All the uncertainty surrounding Britain's decision to leave the EU makes it difficult to decide upon how to best address Brexit risks. In this webcast, the Constellation research team uses the PESTEL framework to help you evaluate Brexit-driven risk so you may plan strategically for a post-Brexit EU. PESTEL assesses the political, economic, societal, technological, environmental and legislative trends influencing the business environment.
Highlights from the webcast:
- Britain will likely remain in the EU for two more years. Britain will remain in the EU until Article 50, which begins the formal withdrawal process, is passed. Article 50 states, "Any Member State may decide to withdraw from the Union in accordance with its own constitutional requirements". Current British Prime Minister, David Cameron, says he will not invoke Article 50, stating he will wait for his successor to implement the action. Once Article 50 is passed, political analysts estimate at least two years for the withdrawal process to conclude.
- Macro Planning Assumptions: Expect a weakened pound and overall economic slowdown for the next year. Finance, pharma, VC, tech may look to relocate to other locations within the EU.
- Use the PESTEL framework to assess global risks and opportunities
- Future of Work:
- Labor Market - Expect a rise in secondary labor costs in Britain and EU
- Compliance - Uncertainty surrounding compliance until Britain formalizes sovereign compliance regulations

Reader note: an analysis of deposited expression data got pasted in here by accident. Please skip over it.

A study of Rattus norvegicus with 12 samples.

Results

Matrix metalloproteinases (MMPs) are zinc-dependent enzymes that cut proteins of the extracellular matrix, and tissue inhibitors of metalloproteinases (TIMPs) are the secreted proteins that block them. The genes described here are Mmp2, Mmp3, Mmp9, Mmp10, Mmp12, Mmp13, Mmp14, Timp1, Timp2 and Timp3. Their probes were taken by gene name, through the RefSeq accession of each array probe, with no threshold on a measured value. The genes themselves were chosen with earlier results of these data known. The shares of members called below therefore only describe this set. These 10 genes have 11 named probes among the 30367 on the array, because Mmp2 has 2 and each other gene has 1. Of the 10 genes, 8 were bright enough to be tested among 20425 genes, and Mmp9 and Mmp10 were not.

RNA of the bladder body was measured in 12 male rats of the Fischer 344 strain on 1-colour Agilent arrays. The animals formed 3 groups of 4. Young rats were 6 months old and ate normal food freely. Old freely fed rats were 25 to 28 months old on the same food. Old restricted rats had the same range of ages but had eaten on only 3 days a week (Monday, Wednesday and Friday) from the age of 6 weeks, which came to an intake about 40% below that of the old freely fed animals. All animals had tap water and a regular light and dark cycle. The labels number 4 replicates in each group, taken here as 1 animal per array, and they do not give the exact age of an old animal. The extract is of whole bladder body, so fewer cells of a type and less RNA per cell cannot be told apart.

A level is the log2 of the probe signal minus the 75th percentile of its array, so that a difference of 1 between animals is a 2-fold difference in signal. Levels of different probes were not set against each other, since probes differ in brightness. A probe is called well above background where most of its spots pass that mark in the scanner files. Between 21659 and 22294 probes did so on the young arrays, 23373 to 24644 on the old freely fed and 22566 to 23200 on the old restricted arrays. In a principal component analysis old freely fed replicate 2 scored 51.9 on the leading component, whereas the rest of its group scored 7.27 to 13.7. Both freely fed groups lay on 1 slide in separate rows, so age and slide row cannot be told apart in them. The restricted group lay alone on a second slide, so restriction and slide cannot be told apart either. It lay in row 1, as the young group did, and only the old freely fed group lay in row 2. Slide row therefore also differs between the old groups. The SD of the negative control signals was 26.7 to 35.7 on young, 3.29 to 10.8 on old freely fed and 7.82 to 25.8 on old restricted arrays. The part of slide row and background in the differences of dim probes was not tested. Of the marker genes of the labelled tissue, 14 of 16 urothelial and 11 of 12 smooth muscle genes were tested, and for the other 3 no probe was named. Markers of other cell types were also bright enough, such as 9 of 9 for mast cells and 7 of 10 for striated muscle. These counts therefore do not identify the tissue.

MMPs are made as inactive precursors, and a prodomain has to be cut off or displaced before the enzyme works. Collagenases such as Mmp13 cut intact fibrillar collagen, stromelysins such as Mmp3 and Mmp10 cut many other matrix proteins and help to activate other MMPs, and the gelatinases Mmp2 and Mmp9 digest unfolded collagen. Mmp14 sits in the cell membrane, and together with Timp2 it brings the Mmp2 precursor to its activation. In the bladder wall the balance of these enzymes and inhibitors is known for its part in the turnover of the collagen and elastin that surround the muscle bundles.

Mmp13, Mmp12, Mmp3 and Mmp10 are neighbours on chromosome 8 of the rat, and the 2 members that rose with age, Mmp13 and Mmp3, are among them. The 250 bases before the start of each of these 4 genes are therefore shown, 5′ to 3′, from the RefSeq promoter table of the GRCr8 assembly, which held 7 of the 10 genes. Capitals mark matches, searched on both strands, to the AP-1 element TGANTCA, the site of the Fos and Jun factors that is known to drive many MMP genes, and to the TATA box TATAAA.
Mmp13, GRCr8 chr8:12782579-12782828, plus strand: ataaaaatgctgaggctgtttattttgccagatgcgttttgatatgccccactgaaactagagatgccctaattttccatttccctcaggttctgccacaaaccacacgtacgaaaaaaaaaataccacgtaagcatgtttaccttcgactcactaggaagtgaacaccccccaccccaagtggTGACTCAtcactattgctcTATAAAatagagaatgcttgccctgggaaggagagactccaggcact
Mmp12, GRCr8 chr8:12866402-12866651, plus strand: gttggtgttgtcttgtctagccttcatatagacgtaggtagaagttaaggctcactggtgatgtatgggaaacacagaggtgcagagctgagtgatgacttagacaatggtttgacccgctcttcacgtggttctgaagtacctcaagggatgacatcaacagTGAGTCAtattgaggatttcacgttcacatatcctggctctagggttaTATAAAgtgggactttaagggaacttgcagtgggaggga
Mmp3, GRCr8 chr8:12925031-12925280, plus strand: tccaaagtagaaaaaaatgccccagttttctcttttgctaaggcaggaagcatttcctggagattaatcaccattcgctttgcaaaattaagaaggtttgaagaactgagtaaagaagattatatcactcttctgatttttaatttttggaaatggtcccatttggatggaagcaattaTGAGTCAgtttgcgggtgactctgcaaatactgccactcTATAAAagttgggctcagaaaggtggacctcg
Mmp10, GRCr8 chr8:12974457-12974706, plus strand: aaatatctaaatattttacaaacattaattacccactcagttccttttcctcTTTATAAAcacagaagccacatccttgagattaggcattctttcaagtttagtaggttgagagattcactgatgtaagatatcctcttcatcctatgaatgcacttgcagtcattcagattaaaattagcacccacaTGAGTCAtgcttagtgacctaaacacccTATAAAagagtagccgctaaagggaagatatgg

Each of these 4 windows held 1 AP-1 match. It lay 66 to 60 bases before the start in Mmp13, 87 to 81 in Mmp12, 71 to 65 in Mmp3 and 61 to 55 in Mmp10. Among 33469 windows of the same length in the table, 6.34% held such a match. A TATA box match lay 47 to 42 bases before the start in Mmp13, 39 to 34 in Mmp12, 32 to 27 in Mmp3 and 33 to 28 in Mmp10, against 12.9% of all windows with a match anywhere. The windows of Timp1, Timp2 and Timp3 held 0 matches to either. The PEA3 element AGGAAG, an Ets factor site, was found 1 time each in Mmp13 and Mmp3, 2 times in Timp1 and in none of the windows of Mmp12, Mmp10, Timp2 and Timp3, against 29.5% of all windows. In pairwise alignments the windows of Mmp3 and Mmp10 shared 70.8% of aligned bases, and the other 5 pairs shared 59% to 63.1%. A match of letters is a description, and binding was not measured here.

- HCM Vendor Strategy - HCM vendors will likely scale back investment in Britain
- Tech Optimization/ Next Gen Apps:
- Data Center
- Expect a halt in data center investment
- Data centers will "follow the money" - As finance industry filters out of Britain, expect data centers to follow
- Britain will likely lose its title as the data center hub of Europe
- Technology labor cost will rise in Britain. Expect outsourcing to follow.
- Internet Autobahns
- Direct connections between US/EU now more likely
- Connection costs will rise as UK data privacy laws are renegotiated
- Data Privacy
- British privacy laws no longer covered by EU policies
- British businesses need to examine Safe Harbor challenges
- Data Center
Questions & Answers:
Question 1: Should EU brands evaluate their providers for data and marketing automation?
Answer - thanks to Cindy Zhou, VP & Principal Analyst:
I don’t see any need to re-evaluate marketing automation due to Brexit. We'll need to wait and see if there are any changes in data management/privacy rules/regulation then configure their Marketing Automation accordingly. That can be done independent of vendor.
Question 2: When you say direct connections between US and EU seems smart, do you mean Ireland too?
Answer - thanks to Holger Mueller, VP & Principal Analyst:
Yes, this includes Ireland, too. While Ireland is and will remain part of the EU, latency from Ireland to the EU mainland is an area to watch. If data security and privacy is not handled right, we may also see Ireland to EU under water cable connections.